Insulate Britain: what do they want?
Home secretary plans to increase penalties for disrupting motorways amid road protest chaos
Insulate Britain has “profoundly” apologised for causing mass disruption to major roads outside London after the prime minister labelled the protesters “irresponsible crusties”.
The climate activists have blocked motorways close to London, including the M25 and M4, over the past three weeks to demonstrate against the government’s lack of action on insulating homes.
Speaking on LBC earlier this week, Boris Johnson said: “I think they are irresponsible crusties who are basically trying to stop people going about their day’s work and doing considerable damage to the economy.”
He added that his government “will give the police the powers they need to stop their reckless and selfish behaviour”.
And in a speech to the Conservative Party Conference on Tuesday, Home Secretary Priti Patel said she would “not tolerate so-called eco-warriors trampling over our way of life and draining police resources”.
She announced plans to increase the maximum penalties for disrupting a motorway, as well as criminalise interference with key infrastructure such as roads, railways and the press.
But despite Insulate Britain issuing an apology, the group’s spokesperson has said that unless politicians take action on climate change, “these inconveniences will continue”.
Climate activists have been causing major disruptions to traffic by blockading the UK’s busiest motorway in protest against the government’s lack of action on insulating homes.
Dozens of Insulate Britain campaigners have been arrested during weeks of protests that have seen some gluing themselves to the M25 and other motorways during peak times.
More than 100 Insulate Britain protesters were served with an injunction against road-blocking demonstrations at the Royal Court of Justice on Tuesday.
The smaller group’s Facebook page confirms that Insulate Britain was “set up by people in XR and related networks”. But while both use similar tactics of mass disruption and civil disobedience, the two groups are not officially affiliated.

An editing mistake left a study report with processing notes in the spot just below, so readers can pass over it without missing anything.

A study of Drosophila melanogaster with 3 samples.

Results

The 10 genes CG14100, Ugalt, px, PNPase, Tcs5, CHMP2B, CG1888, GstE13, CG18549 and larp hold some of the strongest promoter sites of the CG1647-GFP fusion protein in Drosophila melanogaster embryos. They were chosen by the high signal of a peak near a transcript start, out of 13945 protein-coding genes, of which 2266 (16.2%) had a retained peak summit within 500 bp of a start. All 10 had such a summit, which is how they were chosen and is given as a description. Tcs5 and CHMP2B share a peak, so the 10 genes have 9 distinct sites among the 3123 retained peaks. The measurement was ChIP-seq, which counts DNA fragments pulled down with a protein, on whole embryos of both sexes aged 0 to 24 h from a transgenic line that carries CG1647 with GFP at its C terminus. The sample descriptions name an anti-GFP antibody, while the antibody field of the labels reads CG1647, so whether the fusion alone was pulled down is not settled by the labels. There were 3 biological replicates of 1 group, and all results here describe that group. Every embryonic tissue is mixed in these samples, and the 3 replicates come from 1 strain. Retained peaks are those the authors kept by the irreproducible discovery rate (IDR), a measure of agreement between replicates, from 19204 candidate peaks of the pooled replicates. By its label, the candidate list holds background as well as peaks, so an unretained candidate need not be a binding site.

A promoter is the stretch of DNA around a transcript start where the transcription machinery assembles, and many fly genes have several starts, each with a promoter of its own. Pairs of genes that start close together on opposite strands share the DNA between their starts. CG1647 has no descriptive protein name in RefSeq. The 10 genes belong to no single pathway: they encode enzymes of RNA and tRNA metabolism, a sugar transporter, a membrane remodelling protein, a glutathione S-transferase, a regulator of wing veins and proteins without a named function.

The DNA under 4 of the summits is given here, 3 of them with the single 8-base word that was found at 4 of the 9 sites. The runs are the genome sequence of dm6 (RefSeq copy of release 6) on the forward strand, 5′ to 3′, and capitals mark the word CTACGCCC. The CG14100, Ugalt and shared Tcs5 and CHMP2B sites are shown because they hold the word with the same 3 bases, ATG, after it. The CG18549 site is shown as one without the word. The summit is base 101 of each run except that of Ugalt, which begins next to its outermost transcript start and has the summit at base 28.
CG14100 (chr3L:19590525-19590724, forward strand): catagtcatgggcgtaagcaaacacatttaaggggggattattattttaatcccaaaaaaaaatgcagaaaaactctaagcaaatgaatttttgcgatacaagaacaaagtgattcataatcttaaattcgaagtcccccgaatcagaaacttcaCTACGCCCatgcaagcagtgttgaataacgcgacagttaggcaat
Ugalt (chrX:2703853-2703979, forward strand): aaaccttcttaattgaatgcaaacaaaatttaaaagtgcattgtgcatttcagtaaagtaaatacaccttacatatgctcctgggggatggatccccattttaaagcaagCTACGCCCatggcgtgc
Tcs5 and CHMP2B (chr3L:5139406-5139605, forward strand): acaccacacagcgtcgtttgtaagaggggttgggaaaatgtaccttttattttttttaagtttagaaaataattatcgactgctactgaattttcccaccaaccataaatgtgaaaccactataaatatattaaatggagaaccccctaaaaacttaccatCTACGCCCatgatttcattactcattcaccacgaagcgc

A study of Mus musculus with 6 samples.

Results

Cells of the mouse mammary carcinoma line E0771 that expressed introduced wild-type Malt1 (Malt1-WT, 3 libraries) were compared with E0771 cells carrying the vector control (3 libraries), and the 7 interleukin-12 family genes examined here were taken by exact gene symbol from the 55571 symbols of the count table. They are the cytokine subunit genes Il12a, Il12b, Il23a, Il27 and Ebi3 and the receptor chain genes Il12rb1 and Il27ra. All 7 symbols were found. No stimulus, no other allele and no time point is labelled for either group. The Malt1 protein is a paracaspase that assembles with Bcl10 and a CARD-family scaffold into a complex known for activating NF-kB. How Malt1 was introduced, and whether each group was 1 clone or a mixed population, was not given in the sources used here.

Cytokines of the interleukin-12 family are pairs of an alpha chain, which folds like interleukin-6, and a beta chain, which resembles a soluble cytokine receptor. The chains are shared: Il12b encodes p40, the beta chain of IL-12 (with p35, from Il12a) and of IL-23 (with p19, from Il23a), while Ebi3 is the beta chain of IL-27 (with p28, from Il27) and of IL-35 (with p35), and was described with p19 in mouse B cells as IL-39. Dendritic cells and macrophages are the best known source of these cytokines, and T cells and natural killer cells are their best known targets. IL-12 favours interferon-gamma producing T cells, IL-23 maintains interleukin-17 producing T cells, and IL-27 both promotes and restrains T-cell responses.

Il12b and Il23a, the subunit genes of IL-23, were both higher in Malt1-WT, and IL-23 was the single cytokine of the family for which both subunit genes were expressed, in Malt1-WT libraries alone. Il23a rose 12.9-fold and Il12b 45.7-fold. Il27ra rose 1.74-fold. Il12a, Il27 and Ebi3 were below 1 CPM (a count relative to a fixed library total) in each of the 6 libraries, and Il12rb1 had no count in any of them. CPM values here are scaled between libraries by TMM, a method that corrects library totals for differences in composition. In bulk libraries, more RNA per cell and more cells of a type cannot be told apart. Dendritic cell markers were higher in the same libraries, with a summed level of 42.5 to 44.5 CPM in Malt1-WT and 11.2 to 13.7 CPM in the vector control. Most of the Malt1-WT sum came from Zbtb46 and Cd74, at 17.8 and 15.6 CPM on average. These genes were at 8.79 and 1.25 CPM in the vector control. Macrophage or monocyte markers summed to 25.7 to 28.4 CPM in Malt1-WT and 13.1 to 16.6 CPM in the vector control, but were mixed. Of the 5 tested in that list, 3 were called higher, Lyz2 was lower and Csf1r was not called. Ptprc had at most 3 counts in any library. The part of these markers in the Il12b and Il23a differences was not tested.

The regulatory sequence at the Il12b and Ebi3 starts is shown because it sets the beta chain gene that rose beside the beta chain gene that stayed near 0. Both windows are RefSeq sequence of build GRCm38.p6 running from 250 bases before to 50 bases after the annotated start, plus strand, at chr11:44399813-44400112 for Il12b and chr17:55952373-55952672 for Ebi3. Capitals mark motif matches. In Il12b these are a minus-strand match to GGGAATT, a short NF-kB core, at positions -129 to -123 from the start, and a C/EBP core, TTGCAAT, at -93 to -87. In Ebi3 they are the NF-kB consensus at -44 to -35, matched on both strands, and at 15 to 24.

Insulate Britain has been holding campaign meetings “since at least June 2021”, said LBC, and was “officially formed” in August.
The campaigners are demanding the government perform a retrofit of all UK homes to make them more energy-efficient, in order to meet the UK climate change targets under the Paris Agreement.
According to the Insulate Britain website, the nation’s 29 million homes are “the oldest and least energy-efficient housing stock in Europe”, with almost 15% of the UK’s total emissions coming from heating homes.
The UK “needs a nationwide programme to upgrade almost every house”, said the activists, but the government “does not have a robust long-term national strategy with a funding mechanism in place to retrofit our homes”.
Insulate Britain has launched a petition listing two key demands to be met by Downing Street before the protests stop:
- Fully fund and take responsibility for the insulation of all social housing in Britain by 2025.
- Produce within four months a legally binding national plan to fund and take responsibility for the full insulation retrofit, with no externalised costs, of all homes in Britain by 2030.
According to recent YouGov polling, the British public is far from fond of the group - only 16% had either a “very favourable” or “somewhat favourable” opinion of the protesters, while 53% had either a “somewhat unfavourable” or “very unfavourable” opinion of them.
Some high-profile figures have backed the group, however. Green MP Caroline Lucas told Sky News over the weekend that her party “believes non-violent direct action is legitimate when other forms of trying to raise issues with the government have failed”.
“In emergency situations, we need to take emergency action and I believe that's what those protesters were doing,” the former Green leader added.
Despite that argument, blocking roads is clearly going to “alienate some people”, wrote Oscar Berglund, a social policy lecturer at the University of Bristol, and Graeme Hayes, a reader in political sociology at Aston University, on The Conservation.
“But it’s still likely to be effective”, the two academics argue. The activists recognise that traditional protest methods like “strikes, sit-ins, occupations and blockades have proven more likely to achieve some degree of success than less disruptive protests such as marches, demos or petitions”.
So while they may not be “popular”, the pair conclude, the group is willing to “take the hit” to “get home insulation in the news and up the government’s agenda”.